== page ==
The Kent County Sheriff’s Office is warning residents of law enforcement impersonation phone call scams.

These scams can take many forms, but generally speaking, fraudulent callers pose as law enforcement officers and threaten to arrest the victim after informing them that they have unpaid fines. Scammers have also been known to claim you need to provide bond money for a loved one who has been arrested, and if the victim refuses, scammers sometimes extort the victim with physical or financial harm, or release sensitive data if money is not sent. The scammers may ask the victim to retrieve money from their bank account or obtain a prepaid credit card or gift card from a local store and provide them with the credit card number. Scammers may spoof or fake their phone numbers, so the call appears to be coming from a legitimate police department, like the Kent County Sheriff’s Office. Oftentimes, scammers are not from the area and are difficult to identify because they use fake phone numbers that are untraceable and change frequently.

As a reminder, any legitimate law enforcement officer will not demand cash or gift cards from you in person or over the phone.

Other common scams to avoid include:

  • A stranger sends you a check and asks you to cash it while keeping some money. This scam is a different variation of the Craig’s List transaction where the buyer/sender “accidentally” overpays and asks you to cash the fraudulent check and send them the amount of the overpayment. Banks will most likely cash the check and not realize the check is forged until several days later. You are then financially responsible for the amount of the bad check.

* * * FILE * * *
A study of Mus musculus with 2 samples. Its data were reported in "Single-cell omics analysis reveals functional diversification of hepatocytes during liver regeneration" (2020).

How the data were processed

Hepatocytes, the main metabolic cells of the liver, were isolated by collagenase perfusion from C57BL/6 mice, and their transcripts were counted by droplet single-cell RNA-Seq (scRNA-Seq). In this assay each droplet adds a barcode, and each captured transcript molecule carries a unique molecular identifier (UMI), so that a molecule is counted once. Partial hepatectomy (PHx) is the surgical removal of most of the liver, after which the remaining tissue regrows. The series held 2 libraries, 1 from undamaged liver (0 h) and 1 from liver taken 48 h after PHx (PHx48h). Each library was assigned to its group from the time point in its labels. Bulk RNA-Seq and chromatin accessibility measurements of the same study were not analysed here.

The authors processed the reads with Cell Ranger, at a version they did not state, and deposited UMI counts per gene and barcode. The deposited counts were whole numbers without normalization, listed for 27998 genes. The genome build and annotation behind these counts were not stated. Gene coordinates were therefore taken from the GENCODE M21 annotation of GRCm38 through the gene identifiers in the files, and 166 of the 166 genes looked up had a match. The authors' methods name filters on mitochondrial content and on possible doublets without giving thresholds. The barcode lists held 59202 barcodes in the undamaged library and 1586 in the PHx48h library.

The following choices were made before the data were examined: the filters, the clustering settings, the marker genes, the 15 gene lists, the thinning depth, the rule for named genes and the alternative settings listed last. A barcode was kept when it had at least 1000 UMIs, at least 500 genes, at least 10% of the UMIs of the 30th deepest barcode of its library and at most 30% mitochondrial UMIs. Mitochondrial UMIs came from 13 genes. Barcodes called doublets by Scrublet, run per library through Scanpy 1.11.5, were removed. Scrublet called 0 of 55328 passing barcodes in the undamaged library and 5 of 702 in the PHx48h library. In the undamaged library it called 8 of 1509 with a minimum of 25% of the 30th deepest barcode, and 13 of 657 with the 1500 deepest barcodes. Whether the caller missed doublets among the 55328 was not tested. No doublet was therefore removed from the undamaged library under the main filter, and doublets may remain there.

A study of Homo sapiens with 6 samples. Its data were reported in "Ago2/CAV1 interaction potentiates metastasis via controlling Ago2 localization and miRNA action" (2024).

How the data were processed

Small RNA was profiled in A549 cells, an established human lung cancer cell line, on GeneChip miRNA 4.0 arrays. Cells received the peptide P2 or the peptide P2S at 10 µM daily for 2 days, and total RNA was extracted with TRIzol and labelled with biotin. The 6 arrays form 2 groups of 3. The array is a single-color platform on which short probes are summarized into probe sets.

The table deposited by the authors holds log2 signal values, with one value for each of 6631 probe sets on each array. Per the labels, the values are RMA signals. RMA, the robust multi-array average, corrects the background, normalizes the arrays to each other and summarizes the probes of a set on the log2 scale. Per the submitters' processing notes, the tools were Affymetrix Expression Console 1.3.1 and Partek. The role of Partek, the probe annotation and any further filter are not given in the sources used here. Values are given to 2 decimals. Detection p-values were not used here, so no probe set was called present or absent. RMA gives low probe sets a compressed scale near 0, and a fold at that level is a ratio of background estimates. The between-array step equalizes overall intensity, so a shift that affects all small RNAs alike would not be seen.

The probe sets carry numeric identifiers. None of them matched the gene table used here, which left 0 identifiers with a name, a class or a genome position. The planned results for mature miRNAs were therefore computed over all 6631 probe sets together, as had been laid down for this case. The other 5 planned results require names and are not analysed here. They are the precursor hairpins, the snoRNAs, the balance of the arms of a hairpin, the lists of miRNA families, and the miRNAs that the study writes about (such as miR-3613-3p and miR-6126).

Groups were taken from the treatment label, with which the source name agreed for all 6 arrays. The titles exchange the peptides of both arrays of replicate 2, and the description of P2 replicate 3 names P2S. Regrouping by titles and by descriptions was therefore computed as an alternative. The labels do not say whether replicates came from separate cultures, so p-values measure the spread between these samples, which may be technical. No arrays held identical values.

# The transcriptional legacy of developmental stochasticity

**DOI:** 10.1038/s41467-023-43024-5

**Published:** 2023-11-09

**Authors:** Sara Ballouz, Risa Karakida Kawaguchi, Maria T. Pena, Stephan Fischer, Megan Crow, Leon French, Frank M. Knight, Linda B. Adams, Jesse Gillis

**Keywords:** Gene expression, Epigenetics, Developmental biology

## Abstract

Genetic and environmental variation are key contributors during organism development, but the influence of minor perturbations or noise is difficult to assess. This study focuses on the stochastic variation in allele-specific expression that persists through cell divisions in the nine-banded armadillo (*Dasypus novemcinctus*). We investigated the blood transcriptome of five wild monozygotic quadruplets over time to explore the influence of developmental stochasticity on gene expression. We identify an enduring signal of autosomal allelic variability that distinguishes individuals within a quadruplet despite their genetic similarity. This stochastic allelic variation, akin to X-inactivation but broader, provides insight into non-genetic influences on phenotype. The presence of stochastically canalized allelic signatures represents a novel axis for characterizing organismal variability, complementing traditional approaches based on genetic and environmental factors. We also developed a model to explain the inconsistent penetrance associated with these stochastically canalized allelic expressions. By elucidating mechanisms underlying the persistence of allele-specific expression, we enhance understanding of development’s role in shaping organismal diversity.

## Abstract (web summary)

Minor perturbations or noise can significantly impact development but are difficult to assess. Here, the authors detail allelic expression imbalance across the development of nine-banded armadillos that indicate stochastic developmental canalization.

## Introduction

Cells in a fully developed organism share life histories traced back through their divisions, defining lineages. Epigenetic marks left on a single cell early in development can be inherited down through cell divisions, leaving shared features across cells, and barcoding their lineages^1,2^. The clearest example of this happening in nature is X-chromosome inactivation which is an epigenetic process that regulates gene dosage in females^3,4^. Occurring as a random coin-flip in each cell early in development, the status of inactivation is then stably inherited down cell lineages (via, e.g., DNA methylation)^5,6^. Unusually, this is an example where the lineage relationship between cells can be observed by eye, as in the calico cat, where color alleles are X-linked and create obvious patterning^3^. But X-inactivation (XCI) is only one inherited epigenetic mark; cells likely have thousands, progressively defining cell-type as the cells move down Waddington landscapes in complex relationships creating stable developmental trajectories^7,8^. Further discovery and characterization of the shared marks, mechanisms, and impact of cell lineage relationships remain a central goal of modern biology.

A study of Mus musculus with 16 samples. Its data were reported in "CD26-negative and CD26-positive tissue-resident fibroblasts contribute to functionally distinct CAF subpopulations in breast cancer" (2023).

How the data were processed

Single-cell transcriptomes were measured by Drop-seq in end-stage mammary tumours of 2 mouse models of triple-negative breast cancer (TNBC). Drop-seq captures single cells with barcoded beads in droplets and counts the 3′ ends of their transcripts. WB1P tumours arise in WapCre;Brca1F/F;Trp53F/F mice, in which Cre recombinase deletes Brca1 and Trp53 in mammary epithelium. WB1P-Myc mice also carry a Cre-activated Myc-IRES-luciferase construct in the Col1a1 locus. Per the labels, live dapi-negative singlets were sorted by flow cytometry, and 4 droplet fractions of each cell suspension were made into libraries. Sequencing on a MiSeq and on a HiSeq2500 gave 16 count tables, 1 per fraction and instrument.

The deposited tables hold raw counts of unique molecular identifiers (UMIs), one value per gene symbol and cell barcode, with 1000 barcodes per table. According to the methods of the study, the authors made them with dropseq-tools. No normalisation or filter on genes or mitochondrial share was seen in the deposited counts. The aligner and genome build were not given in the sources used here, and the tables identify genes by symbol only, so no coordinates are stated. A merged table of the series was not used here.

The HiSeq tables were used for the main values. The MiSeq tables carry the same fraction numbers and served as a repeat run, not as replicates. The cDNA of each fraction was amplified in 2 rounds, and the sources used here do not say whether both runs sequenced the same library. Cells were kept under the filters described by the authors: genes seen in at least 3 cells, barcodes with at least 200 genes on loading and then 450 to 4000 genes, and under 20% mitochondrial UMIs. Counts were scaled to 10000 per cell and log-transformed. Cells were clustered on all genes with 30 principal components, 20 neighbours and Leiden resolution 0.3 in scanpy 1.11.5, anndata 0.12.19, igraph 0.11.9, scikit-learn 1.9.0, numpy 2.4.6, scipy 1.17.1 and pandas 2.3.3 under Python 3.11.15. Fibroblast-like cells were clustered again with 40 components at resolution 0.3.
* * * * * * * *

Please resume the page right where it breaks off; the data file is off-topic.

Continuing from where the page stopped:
• A person says they have found a virus on your computer. They ask for remote access to the computer and then hold the computer hostage until a ransom is paid.
  • A person contacts you over the phone and claims to be your relative who has been arrested or injured in an accident. They ask you to provide them with a prepaid credit card number for bond money or medical expenses.
  • A person claims that your account has been hacked and that your social security number is being placed on hold.

Scammers are becoming more sophisticated and organized in their approach. They are technologically savvy and often target young persons and the elderly. To protect yourself from falling victim to scams:

Be wary of answering phone calls from numbers you do not recognize.

Never give out your personal information, including your social security number, credit card number and banking information.

Do not send money to anybody that you do not personally know and trust, including those claiming to be law enforcement officers.

If in doubt, hang up the phone and contact the person they are claiming to be. Please share this information with your close friends and family members.